Go to Puerto Rico to surf.
When I came to the realization that I was missing out on amazing surf, I caught a cab back to the airport to rent a car. Through a series of "unfortunate mistakes" on their part, I ended up with 2014 Jeep Wrangler - at the economy price. They insisted on cleaning the Jeep from top to bottom, not matter how many times I explained that I would be getting it absolutely filthy. I drove off in my shiny white Wrangler and picked up a longboard at the local surf shop down the road.
There was an incoming swell over the next 3 days, and I was stoked to have the transportation and board to enjoy it. Straight from the surf shop, I drove down to a spot called Wilderness. The road to get there is pretty rugged, but I saw plenty of small sedans and compact cars make the round trip. When I say road, I really mean a dirt and sand road with massive holes littered throughout. Although I would have made the trip regardless, having the Jeep made it much more enjoyable and stress free. I spent the rest of the day at Wilderness, occasionally breaking to grab some more water and apply more sunscreen.
The surf report for the next day was mixed. Depending on where you were on the island, the swell direction and wind direction was either going to make it small and fun, or slightly less small and more fun. I wanted to get in the water by sunrise, and Sarah (the hostel owner agreed to come with me). The morning of she changed her mind and I ended up going alone. I couldn't blame her - it was about 5:30am and the report said 2-3ft. Not worth getting up that early.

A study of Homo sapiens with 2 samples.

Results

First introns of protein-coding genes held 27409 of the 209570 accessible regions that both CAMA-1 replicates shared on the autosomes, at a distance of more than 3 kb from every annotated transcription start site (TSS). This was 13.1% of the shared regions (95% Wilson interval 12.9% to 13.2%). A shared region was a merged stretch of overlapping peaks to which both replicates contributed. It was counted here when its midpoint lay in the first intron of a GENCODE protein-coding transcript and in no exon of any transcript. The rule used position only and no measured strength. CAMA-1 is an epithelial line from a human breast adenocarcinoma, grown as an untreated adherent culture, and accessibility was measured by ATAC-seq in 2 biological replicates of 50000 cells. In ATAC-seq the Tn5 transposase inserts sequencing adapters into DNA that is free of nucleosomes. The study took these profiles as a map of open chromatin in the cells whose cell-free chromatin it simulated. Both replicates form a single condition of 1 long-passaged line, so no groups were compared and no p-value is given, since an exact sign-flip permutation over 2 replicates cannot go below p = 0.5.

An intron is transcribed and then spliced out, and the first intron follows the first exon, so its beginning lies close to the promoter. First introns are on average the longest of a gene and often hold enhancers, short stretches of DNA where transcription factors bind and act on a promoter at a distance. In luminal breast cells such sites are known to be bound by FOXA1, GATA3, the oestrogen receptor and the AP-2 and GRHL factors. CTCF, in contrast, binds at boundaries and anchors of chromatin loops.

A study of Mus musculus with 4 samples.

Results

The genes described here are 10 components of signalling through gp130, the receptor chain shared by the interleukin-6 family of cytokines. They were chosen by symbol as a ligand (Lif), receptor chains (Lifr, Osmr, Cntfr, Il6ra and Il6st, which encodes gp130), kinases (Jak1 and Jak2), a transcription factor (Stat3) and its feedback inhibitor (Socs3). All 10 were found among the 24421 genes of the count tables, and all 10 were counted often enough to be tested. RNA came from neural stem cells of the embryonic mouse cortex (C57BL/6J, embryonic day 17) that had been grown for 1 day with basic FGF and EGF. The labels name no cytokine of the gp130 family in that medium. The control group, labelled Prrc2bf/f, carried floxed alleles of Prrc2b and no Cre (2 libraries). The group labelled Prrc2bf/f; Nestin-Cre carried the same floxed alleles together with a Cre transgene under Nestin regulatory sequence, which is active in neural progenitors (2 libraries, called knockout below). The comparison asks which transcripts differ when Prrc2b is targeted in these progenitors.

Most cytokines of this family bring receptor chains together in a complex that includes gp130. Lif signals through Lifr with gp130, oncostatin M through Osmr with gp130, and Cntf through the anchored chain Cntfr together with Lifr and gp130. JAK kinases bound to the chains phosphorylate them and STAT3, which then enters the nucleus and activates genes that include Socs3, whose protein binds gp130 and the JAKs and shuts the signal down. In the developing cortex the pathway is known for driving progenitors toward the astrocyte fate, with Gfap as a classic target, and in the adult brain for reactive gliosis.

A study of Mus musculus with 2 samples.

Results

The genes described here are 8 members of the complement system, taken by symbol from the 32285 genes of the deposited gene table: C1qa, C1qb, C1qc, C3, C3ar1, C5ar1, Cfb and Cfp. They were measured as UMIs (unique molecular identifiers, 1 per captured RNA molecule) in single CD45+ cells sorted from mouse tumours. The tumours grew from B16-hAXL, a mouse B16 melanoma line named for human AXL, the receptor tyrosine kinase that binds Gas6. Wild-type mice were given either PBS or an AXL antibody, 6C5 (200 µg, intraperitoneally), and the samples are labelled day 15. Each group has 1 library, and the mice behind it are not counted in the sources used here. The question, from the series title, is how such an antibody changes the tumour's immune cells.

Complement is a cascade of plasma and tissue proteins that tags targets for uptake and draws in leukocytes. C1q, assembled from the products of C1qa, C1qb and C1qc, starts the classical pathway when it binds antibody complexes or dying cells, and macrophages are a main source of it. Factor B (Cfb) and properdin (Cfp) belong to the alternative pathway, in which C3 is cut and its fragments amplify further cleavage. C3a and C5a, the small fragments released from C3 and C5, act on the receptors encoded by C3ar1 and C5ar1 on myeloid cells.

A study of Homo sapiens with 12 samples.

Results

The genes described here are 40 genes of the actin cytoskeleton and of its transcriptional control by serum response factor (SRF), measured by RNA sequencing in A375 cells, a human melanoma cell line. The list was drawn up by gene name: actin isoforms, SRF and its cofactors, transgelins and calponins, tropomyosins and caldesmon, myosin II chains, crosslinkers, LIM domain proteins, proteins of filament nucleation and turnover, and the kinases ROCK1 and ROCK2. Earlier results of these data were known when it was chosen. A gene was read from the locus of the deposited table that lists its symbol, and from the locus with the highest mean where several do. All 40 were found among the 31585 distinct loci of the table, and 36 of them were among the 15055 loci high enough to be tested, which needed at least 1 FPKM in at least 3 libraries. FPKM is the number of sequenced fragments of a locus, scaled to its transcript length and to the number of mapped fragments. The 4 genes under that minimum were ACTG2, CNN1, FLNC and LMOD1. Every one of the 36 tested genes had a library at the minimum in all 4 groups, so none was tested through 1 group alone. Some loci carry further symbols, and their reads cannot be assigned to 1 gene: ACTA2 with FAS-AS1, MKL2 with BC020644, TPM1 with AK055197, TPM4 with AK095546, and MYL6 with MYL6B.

When I pulled up, it was glassy and 5ft, consistently. There were a few other older guys in the parking long, but not a soul in the water yet. It was about 6:10 am. The guys in the parking lot were busy putting their leashes on, waxing their boards, and putting on wetsuit tops. Yes, you read that correctly, wetsuit tops.
What I learned very quickly was that Puerto Ricans (locals and transplants) were very, very spoiled. They don't know what cold water is. It was 6:10am, the sun wasn't up yet, and the air temperature was already 82*F. The water temperature was about the same.
So of course, as my pasty white self walked towards the water with no wetsuit top, the guys began to all give me sideways looks. One of the guys was nice enough to ask me where I was from, and if I knew where to paddle out. These guys were old, and proud of it. They made a point of telling me that they were the first guys to surf in Vietnam, and frankly I think they were shocked to see a young-gun like me with a longboard.
We all paddled out together, and it turns out most of them were from New York. A few of the guys were born in Puerto Rico, moved to Long Island NY, and then moved back to Puerto Rico. They all ended up being incredibly friendly and hospitable, and they loved sharing their spot with me.
10 hours later, when I returned to the hostel, all I could tell Sarah was, "boy, you really missed it."